Years ago, Tesla touted that the large touchscreens in its electric vehicles were powered by an NVIDIA Tegra 3 chipset. However, as configured in certain cars, the infotainment setup has a known issue that causes the 8GB eMMC NAND flash memory device to wear out after it has been overwritten too many times, and when that happens the touchscreen goes blank.
After many owners experienced the problem, Tesla eventually launched a “Warranty Adjustment Program” late last year that covered repairs if the problem occurred within eight years or 100,000 miles from when the vehicle was first delivered, and would pay back owners who had already paid for a repair. The vehicles affected are the 2012-2018 Tesla Model S and 2016-2018 Model X.
However, the feds, in the form of NHTSA, aren’t satisfied by that strategy and sent a letter (PDF) to Tesla today urging the company to institute a recall that would notify owners of 158,000 Model S and Model X vehicles built prior to March 2018. As the letter explains, losing touchscreen access means losing the backup camera and controls for things like defogging your windshield, which they argue could lead to accidents.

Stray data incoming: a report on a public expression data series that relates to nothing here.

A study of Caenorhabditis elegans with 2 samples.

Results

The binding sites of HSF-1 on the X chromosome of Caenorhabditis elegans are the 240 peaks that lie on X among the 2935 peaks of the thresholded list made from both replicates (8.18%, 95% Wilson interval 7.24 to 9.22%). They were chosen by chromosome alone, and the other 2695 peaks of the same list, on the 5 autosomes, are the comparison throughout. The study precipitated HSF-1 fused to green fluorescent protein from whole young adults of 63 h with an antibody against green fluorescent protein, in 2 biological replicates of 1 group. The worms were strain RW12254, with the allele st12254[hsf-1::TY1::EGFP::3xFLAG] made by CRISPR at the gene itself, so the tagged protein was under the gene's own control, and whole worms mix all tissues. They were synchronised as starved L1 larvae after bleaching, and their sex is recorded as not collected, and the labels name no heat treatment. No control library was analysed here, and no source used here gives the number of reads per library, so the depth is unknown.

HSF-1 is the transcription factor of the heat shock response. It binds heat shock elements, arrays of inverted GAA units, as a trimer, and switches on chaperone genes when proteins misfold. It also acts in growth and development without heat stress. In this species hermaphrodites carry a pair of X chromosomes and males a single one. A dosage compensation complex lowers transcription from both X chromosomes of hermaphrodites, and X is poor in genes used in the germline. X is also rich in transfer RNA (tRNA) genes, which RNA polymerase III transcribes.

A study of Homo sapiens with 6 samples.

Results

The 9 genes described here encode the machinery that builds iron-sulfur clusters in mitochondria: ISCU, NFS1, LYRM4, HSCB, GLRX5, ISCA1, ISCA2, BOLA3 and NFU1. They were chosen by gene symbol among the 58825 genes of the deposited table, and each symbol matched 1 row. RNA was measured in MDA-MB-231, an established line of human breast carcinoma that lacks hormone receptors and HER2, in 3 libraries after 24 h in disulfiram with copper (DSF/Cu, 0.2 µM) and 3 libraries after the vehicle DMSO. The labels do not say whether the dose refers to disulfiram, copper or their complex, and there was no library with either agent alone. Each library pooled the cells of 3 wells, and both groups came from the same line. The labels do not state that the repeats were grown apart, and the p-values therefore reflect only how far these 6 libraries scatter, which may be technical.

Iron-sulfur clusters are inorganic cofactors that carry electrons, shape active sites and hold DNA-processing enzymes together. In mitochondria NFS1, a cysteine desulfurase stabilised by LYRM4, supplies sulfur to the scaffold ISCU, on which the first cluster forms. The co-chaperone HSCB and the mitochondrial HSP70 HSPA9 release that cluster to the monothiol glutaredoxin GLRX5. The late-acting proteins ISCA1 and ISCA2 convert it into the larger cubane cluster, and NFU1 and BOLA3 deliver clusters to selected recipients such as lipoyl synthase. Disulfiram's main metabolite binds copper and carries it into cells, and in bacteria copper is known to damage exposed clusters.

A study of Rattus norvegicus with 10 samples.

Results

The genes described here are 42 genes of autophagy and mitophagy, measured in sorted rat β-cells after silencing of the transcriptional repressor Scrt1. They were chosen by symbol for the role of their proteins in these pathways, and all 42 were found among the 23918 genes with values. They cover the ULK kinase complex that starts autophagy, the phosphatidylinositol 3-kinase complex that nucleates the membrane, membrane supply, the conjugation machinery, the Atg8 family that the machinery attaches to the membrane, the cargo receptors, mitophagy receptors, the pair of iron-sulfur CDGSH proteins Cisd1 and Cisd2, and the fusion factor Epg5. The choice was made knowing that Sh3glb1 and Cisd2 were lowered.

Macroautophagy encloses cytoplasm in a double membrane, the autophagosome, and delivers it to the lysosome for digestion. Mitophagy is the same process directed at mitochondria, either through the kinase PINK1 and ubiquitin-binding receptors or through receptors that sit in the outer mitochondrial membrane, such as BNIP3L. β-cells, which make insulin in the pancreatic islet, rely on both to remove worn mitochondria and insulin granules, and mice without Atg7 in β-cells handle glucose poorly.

As TechCrunch points out, they also write that “Tesla provided confirmation that all units will inevitably fail given the memory device’s finite storage capacity. Tesla provided its own statistical model showing the number of projected weekly MCU repairs from 2020 to 2028, estimating that replacement rates for MCU failures will peak in early 2022 and gradually decline until (near) full part turnover has been accomplished in 2028.”
The letter seeks a request from Tesla by January 27th. Earlier today Tesla openly promoted NHTSA’s five star safety rating for the Model Y, but has not publicly commented on the recall request.